Small Success for Sex Workers in California

On July 1, 2022, California Gov. Gavin Newsom signed a new law that will stop the police from making arrests for loitering for prostitution. The bill's passage follows a wave of sex work decriminalization measures across the country in states like Vermont and New York.

Since 1995, California's anti-loitering code has allowed law enforcement to arrest anyone suspected to be in violation. Originally established to prevent sex trafficking, critics claim it has done just the opposite, making it both harder to identify trafficking victims and less likely for them to come forward out of fear.

Sex work advocacy groups and women across the state have long claimed that the practice disproportionately targets women of color and LGBTQ+ individuals for simply appearing as likely to solicit for prostitution in public. Left to subjective interpretation of law enforcement, Black individuals have constituted over 56% of loitering charges between 2017-2019 in Los Angeles, despite being less than 10% of the city’s population.

As one former sex-worker wrote, "These laws give police the power to decide what prostitution looks like."

Originally introduced by State Sen. Scott Wiener, SB 357 seeks to eliminate the discriminatory law criminalizing loitering with the intent to engage in sex work. The proposal grew out of collaboration amongst a large coalition made up of current--and former--sex workers, LGTBQ groups Equality California and Transgender Gender-variant and Intersex Justice Project (TGIJP), and civil rights groups like the ACLU.

The legislation also allows those who were previously convicted or are serving sentences to request that a court dismiss and seal record of the conviction.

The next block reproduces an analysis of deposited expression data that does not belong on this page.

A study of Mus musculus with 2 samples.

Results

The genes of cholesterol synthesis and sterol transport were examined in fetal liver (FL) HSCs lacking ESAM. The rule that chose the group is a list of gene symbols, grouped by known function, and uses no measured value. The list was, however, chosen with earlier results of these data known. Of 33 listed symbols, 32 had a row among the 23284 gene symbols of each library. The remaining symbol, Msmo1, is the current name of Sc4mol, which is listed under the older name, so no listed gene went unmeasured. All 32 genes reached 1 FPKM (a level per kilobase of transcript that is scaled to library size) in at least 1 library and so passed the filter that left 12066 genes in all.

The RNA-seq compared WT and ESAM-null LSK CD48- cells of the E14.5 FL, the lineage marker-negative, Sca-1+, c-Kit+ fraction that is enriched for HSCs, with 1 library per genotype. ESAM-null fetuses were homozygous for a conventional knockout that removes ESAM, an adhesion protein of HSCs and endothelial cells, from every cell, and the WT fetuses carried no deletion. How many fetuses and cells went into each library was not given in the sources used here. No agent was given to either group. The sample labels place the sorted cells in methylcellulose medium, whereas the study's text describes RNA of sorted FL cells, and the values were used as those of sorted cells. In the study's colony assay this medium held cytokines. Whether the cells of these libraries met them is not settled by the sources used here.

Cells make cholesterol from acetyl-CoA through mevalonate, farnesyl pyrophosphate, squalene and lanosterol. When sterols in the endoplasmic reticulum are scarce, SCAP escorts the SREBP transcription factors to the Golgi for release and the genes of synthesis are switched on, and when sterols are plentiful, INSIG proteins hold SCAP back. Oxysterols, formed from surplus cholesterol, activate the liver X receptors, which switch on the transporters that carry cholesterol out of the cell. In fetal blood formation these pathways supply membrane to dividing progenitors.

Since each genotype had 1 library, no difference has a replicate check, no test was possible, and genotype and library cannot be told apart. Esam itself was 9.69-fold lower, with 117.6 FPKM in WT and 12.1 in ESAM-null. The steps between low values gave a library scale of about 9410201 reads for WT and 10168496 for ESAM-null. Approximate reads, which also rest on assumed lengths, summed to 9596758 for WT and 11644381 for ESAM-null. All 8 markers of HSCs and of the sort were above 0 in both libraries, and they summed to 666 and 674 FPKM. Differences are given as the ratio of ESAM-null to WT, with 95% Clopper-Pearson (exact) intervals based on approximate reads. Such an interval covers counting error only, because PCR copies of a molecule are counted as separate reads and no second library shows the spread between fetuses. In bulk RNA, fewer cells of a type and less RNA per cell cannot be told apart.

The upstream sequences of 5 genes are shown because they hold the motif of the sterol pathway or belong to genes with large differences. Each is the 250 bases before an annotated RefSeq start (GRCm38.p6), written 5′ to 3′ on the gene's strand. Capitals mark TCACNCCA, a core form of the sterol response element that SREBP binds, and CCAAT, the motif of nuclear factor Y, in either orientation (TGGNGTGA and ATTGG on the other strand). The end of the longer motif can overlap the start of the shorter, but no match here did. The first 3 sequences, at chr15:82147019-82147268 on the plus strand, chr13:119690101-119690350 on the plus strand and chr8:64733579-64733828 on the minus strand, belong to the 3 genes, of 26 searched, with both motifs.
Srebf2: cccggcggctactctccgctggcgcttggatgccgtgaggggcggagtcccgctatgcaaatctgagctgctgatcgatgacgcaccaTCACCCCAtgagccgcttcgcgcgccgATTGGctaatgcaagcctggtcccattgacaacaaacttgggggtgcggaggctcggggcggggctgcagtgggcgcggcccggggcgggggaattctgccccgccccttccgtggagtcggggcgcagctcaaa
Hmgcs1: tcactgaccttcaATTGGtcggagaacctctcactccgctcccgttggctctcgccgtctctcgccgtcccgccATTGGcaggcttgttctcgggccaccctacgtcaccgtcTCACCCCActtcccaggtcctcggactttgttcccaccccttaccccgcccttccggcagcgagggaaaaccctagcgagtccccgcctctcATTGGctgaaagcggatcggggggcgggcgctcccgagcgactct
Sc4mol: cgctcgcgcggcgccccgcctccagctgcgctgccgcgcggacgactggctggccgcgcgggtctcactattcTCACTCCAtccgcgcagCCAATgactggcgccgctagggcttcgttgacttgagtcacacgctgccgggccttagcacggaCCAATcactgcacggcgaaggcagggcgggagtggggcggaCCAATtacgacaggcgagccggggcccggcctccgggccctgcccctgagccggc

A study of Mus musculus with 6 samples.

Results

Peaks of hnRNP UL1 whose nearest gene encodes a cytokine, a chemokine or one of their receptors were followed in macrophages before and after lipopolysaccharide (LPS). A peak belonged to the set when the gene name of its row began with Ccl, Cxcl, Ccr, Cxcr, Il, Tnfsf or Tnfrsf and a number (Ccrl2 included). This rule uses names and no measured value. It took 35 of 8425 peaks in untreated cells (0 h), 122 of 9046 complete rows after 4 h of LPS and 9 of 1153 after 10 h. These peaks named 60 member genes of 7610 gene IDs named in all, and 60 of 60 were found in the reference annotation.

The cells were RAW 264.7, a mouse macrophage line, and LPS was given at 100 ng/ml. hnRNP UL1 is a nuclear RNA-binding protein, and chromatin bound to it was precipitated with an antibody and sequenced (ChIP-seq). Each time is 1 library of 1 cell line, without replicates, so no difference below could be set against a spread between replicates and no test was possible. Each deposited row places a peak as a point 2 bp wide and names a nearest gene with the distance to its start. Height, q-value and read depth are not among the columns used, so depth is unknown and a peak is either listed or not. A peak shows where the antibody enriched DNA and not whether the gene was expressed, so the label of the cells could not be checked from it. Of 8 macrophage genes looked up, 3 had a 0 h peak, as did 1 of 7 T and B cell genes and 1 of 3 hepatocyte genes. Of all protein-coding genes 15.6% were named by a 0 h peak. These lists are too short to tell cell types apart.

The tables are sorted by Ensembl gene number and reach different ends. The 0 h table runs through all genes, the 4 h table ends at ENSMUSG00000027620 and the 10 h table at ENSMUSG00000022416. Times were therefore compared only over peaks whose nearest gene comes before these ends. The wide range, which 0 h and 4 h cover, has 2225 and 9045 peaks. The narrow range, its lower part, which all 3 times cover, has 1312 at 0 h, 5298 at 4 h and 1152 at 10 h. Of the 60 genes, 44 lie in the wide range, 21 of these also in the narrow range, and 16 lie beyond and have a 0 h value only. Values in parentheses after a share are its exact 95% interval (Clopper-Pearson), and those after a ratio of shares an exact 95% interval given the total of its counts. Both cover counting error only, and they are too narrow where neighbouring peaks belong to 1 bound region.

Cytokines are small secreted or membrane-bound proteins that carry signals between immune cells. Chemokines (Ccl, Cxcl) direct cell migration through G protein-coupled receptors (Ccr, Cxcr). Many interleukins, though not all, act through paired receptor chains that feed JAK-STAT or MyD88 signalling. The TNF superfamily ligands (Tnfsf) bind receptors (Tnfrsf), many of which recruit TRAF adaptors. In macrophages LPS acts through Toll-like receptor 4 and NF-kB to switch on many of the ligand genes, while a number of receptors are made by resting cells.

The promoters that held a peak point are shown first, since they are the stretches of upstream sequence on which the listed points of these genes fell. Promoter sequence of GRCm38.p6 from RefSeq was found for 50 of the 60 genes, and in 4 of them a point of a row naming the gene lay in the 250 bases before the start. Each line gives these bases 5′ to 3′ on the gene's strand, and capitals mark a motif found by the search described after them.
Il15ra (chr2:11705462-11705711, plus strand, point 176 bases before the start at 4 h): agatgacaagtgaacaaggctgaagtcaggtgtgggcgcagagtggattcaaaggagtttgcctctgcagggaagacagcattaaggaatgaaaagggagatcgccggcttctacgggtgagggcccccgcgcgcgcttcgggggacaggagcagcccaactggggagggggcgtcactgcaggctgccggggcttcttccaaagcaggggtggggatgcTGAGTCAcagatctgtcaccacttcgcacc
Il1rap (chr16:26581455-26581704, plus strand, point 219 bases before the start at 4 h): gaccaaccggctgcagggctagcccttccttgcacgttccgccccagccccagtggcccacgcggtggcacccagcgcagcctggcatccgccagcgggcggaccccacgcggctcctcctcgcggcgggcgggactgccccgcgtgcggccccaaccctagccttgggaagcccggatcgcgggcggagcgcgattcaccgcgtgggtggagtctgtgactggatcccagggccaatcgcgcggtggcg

Diverse reactions from the bill's passage illustrate the complex web of interests interconnected through public policy.

Sex work decriminalization advocacy groups have commended the repeal, citing the dignity it restores to sex workers, eliminating state sanctioned harassment.

LGBTQ+ advocacy organizations also recognize this to be a step in the right direction, toward ensuring gender-nonconforming and transgender individuals are able to live "peacefully without fear of harassment or arrest."

Source: Rachel West, US PROStitutes Collective

Outspoken critic since its inception, non-profit CEO, Vanessa Russell states:

"357 is not the ‘Safe Act’ that needs to be implemented [...] until you offer an alternative to sex work, what they’re doing is sheer survival [...] these sex workers have no rights, no advocacy. This is human trafficking, and those that have been indoctrinated for years and consider themselves independent have few options or choices."

The Los Angeles County Sheriff’s Department and Peace Officers Research Association of California opposed the passage, claiming that the law would make it harder both to confront those who offend related to prostitution and human trafficking and to help those who are being victimized.

While some are disappointed, concerned that the state will see an influx of sex trafficking with the bill's passage, others are optimistic, hoping for this to be a step closer toward full decriminalization of sex work.

In a statement to the Governor upon, 357's enactment, Sen. Wiener wrote “Everyone — no matter their race, gender or how they make a living — deserves to feel safe on our streets."